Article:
Transport groups decry ‘Libreng Sakay’

Neil Jayson Servallos - The Philippine Star
Transport groups decry âLibreng Sakayâ
PUJs ply their route along EDSA-Aurora Boulevard intersection in Quezon City on Thursday, June 9, 2022. The Land Transportation Franchising and Regulatory Board (LTFRB) has recently approved the P1 provisional fare hike for jeepneys in Metro Manila, Regions 3 and 4.
THE STAR / Miguel Antonio De Guzman

MANILA, Philippines — Transport groups are decrying the government’s Libreng Sakay program for public utility vehicles (PUVs), which they claim is killing the routes of public utility jeepneys (PUJs).

Mar Valbuena, chairman of the transport coalition Manibela, said jeepney drivers who have not been included in the government’s Service Contracting Program (SCP) are now earning as low as P200 per day amid skyrocketing fuel prices.

Valbuena said they have to contend with tight competition on the road as commuters prefer the free rides since the government rolled out the Libreng Sakay program.

“There are more drivers not included in the SCP. This is killing the routes being plied by those not included because commuters who are already aboard jeepneys and UV Express units would alight mid-transit to transfer to PUV units giving free rides,” he said in an interview on One News' "Agenda."

“Of course, commuters are being frugal. They will alight even if the PUJ has already moved. We’re already consuming fuel and then they will alight and transfer to a PUV offering free rides,” he added.

Under the SCP, operators and drivers will be providing free rides to commuters and would be compensated by the government on a weekly basis. Under the program, the government will also cover fuel expenses, disinfection, monthly amortizations and other overhead expenses.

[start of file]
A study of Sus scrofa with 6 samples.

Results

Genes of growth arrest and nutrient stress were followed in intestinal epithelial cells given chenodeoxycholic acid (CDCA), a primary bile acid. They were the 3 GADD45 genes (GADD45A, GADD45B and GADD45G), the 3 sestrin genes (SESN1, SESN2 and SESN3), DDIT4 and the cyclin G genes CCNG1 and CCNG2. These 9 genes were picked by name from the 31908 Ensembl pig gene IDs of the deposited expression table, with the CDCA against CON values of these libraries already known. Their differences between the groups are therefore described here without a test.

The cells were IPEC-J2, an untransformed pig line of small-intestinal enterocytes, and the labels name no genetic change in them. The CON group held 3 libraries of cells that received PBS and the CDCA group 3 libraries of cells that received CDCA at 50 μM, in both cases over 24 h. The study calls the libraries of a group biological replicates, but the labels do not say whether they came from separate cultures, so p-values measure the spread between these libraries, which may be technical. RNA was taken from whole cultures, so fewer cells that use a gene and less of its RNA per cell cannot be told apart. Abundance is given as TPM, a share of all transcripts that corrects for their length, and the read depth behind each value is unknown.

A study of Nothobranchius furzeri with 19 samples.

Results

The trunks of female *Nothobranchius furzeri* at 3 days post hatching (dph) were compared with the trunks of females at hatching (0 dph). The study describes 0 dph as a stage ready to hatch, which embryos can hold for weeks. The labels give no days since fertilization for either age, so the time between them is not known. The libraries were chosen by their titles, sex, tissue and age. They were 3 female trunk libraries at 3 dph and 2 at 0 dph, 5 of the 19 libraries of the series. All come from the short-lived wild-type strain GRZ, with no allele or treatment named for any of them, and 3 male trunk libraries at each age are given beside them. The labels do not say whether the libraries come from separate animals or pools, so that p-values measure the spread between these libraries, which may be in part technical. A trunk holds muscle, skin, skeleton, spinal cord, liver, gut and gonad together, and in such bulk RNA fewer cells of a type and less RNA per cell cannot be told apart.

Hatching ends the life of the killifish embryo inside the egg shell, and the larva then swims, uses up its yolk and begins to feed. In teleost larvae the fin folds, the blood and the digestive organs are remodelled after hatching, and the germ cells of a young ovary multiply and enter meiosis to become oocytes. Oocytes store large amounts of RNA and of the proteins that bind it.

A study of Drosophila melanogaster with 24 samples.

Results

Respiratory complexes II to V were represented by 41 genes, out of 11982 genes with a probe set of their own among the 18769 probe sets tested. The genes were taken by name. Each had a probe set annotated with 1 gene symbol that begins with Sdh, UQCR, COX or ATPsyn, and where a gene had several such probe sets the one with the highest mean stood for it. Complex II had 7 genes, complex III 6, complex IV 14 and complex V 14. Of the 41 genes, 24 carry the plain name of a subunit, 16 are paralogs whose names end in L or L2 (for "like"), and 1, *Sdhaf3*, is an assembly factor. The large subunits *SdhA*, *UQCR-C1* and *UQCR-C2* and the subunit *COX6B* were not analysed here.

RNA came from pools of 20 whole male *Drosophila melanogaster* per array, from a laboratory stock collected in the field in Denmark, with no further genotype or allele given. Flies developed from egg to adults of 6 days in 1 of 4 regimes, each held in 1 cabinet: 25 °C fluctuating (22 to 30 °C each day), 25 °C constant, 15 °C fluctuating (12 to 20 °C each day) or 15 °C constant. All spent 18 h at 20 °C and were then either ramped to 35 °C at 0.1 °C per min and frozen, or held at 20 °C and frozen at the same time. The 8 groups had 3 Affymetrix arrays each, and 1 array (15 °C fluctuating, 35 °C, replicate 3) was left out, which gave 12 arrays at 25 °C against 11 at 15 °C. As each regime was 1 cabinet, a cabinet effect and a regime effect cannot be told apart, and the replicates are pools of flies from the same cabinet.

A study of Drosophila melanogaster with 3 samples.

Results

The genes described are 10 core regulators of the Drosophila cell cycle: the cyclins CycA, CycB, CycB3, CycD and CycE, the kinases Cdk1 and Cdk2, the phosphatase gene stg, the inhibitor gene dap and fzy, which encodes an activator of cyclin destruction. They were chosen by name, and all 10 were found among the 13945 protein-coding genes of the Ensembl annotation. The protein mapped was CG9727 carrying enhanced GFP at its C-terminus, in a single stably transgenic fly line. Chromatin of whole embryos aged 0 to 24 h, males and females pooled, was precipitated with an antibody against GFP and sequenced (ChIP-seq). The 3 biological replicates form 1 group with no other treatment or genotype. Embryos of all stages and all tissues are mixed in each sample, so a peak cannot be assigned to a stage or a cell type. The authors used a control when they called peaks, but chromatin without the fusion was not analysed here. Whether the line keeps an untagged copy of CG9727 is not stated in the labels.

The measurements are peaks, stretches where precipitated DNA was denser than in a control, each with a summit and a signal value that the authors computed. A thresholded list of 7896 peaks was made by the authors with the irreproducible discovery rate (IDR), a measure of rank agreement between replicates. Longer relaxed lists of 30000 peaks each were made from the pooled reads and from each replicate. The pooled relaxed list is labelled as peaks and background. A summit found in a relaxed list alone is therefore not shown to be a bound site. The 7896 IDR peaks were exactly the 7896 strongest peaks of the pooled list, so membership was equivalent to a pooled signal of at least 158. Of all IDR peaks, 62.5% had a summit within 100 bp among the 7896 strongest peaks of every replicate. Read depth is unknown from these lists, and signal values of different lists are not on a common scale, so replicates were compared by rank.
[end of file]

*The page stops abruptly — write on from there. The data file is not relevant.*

While transport groups welcomed the program, they earlier decried how the SCP was “selective,” with only a few units of PUJs being chosen as the program prioritizes modern PUVs.

Modesto Floranda, national president of the Pagkakaisa ng mga Samahan ng Tsuper at Operator Nationwide (Piston), said the Land Transportation Franchising and Regulatory Board (LTFRB) should not allow modernized minibuses to ply routes being operated by traditional PUJs.

Floranda said that given the losses drivers are facing right now due to high fuel prices, the most that drivers can take home on a daily basis is P300.

Meanwhile, transport groups welcomed the government’s decision to raise the minimum fare to P10, but appealed for additional fare hikes considering how the P1 increase “barely” compensates for the hefty price hikes on petroleum products.

While the LTFRB approved the P1 provisional increase in minimum fare, it has yet to address the petition for a P5 increase in the minimum fare now that the price of diesel – which fuels the common jeepney engine – has gone as high as P90 per liter in some areas.

The hearing on the petitions is set later this month.